Yesterday at US Pole Sport Federation Nationals our very own Sarah took home the GOLD in the Pole Sport Amateur Division. This lady worked HARD. As competition season starts it’s important to think about your goals for competing and if you truly want to win what it may take.

Student Sarah showing her new medal!

Sarah was our first ever competitor at Aerial Dance, she is the founder of the competition team. Her first competition was four (I think) years ago. This time around she started training for the August competition in September, an entire YEAR before. She did versions of this routine at a competition in January, the student showcase in April and a competition in May all preparing for nationals in August.

Since September she has taken 30+ private lessons with instructors at Aerial Dance preparing for the competition. She has taken lessons with Leah, Amanda, Kelly, Chrissy, Kim, and Dan. She has also taken multiple one-on-one coaching sessions with Paula and attend multiple “competition team” events to prepare. Though she started with our basic competition package, she knew she needed to add on to truly get all the knowledge available to her and she made the time and financial commitments to make that happen.

One of the areas Sarah excelled was taking feedback. As a competitor you want to love your routine. You want it to be an expression of you. And your instructors want that too, but they also know what will and won’t win. At Aerial Dance we have a national judge trainer (Paula), two PSO Unicorn (Paula, Olivia) and EIGHT certified judges (Amanda, Sara, Lynn, Kelly, Olivia, Chrissy, Kim, Paula) so we aren’t guessing. We have spent the time researching every competition our students enter to know the judging requirements and figuring out how to excel. Every competition is different so the diversity of having our instructors judge at multiple different competition is extremely helpful to our students. Sarah’s routine pulled from the wealth of Aerial Dance knowledge. When I saw her routine on July 7th I recommended she change her opening static pole passage. She listened and accepted my reasoning, even though she had been working on it a year and wanted to do it. We then worked with Paige to create a totally cool move. Then with Leah to turn that single move into a killer passage. That’s how a good competition community functions, we all work together and contribute for the athlete’s best interest and the athlete trusts that when we suggest a change there is a reason.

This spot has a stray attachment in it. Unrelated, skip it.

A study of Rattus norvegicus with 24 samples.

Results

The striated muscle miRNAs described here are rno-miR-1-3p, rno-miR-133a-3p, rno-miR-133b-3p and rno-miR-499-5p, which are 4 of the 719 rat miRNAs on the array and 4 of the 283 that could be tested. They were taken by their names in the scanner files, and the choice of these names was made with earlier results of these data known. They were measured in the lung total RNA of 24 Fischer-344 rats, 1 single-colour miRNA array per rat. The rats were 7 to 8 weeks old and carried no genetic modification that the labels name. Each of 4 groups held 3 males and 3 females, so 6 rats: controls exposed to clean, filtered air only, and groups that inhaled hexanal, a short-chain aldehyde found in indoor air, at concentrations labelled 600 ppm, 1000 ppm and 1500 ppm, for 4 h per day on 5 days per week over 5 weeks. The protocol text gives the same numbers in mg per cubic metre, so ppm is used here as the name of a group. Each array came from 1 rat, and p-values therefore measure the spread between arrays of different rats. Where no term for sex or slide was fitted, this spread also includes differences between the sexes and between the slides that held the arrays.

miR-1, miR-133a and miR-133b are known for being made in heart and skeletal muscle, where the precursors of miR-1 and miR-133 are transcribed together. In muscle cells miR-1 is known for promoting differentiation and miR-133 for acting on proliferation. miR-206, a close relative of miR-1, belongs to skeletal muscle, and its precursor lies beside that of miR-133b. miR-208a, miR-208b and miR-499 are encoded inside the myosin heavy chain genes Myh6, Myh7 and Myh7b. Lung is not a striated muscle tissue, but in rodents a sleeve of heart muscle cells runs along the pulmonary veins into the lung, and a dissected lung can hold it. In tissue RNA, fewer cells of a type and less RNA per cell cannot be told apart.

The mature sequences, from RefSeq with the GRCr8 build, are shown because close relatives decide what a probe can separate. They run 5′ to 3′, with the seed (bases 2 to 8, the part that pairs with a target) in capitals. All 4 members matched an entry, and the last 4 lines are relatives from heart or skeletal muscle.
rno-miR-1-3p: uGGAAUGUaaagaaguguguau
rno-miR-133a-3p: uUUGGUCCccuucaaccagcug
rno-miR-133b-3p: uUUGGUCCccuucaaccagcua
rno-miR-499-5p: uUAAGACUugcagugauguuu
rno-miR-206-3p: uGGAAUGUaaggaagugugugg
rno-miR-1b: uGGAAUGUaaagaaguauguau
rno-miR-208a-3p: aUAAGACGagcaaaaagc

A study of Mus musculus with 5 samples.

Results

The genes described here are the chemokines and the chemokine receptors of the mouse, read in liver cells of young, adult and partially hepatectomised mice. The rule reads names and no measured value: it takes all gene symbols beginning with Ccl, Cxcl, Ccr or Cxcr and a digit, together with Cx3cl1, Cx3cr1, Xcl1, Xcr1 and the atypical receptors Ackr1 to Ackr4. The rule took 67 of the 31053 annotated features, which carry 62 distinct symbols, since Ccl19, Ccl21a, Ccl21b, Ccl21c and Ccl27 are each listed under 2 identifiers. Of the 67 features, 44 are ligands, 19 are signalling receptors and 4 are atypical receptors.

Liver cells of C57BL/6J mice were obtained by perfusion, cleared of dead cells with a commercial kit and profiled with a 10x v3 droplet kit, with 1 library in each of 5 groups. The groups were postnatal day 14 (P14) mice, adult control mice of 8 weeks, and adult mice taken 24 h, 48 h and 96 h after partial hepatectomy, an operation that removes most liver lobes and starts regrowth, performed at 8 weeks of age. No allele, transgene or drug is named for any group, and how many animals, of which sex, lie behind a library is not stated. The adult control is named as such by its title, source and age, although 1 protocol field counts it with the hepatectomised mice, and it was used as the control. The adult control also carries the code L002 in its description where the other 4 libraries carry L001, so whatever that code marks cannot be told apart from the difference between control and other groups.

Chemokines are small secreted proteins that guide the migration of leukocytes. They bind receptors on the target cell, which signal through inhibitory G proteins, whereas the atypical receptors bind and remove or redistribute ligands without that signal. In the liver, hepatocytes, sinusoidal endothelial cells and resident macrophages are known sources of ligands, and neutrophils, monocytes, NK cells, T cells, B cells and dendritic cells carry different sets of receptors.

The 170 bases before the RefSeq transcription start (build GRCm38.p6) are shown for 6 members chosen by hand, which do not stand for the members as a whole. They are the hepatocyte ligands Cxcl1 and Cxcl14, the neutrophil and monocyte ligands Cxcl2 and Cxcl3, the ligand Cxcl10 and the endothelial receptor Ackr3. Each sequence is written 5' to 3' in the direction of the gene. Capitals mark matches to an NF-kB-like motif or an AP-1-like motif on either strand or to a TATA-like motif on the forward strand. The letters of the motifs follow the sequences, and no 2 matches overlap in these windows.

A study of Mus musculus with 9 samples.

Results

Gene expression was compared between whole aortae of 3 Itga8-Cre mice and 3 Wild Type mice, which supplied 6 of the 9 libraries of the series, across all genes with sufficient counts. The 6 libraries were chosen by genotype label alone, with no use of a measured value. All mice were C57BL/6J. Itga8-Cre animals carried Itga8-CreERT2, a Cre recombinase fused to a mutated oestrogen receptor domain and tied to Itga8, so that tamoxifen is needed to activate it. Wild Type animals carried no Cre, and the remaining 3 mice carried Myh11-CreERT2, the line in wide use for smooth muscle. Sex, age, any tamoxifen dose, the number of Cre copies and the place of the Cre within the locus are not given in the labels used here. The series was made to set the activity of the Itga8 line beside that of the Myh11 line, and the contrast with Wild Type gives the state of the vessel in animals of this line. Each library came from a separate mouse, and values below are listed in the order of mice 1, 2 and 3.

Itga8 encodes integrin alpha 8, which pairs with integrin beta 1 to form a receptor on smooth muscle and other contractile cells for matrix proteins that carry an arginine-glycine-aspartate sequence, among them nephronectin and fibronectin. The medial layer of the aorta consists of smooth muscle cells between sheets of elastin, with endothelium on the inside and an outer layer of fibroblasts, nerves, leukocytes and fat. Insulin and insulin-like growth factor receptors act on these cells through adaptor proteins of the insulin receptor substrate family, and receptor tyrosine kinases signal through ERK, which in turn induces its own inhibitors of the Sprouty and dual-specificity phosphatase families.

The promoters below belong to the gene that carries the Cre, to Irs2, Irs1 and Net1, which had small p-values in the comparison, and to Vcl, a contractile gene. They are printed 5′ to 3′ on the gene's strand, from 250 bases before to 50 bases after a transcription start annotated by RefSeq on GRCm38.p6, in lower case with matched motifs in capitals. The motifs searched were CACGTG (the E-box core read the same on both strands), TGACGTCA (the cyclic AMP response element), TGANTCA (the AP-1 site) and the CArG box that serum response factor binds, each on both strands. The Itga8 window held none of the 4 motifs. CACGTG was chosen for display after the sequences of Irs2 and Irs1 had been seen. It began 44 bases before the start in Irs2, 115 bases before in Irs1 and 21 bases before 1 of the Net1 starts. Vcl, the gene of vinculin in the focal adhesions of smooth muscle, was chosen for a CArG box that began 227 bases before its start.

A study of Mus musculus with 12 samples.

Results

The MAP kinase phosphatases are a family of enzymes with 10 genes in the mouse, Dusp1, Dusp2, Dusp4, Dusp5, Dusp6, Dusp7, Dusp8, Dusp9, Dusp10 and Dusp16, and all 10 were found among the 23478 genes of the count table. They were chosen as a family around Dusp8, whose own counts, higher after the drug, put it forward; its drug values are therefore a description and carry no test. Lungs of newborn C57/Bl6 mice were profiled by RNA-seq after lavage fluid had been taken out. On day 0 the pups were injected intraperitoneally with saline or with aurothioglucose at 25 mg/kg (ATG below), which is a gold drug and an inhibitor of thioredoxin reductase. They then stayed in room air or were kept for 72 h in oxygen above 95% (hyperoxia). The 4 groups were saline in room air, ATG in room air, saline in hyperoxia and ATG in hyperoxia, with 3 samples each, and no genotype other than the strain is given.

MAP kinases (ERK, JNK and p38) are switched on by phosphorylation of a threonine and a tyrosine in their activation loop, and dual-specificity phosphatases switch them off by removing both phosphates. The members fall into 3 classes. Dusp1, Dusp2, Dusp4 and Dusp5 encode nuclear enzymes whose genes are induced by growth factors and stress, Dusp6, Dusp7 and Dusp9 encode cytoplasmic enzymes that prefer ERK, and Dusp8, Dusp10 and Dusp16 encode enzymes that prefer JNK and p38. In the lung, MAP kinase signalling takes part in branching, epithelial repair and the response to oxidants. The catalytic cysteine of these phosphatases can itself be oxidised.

Sarah WORKED. She made time. If you don’t know, Sarah is a Veterinary with a private practice, that’s Dr. Sarah with the gold medal. She consistently works 60+ hour weeks. She is also a wife and step-mom who attends baseball games. And a friend who makes time for sushi dates. And somehow within all of that she still prioritized her training. Often I’d hear “I didn’t do enough this week” and I’d gently remind her that she did more this week than she normally would have. She BECAME the woman who balanced her life to make sure she still had time for her priorities and choices. To me this was the biggest win of her competition season. She grew so much as an athlete, as a dancer, and as a women who is choosing her life.

I’m insanely proud of Sarah. She trained for a year to win. She trained for a year to grow. And she won on so many levels.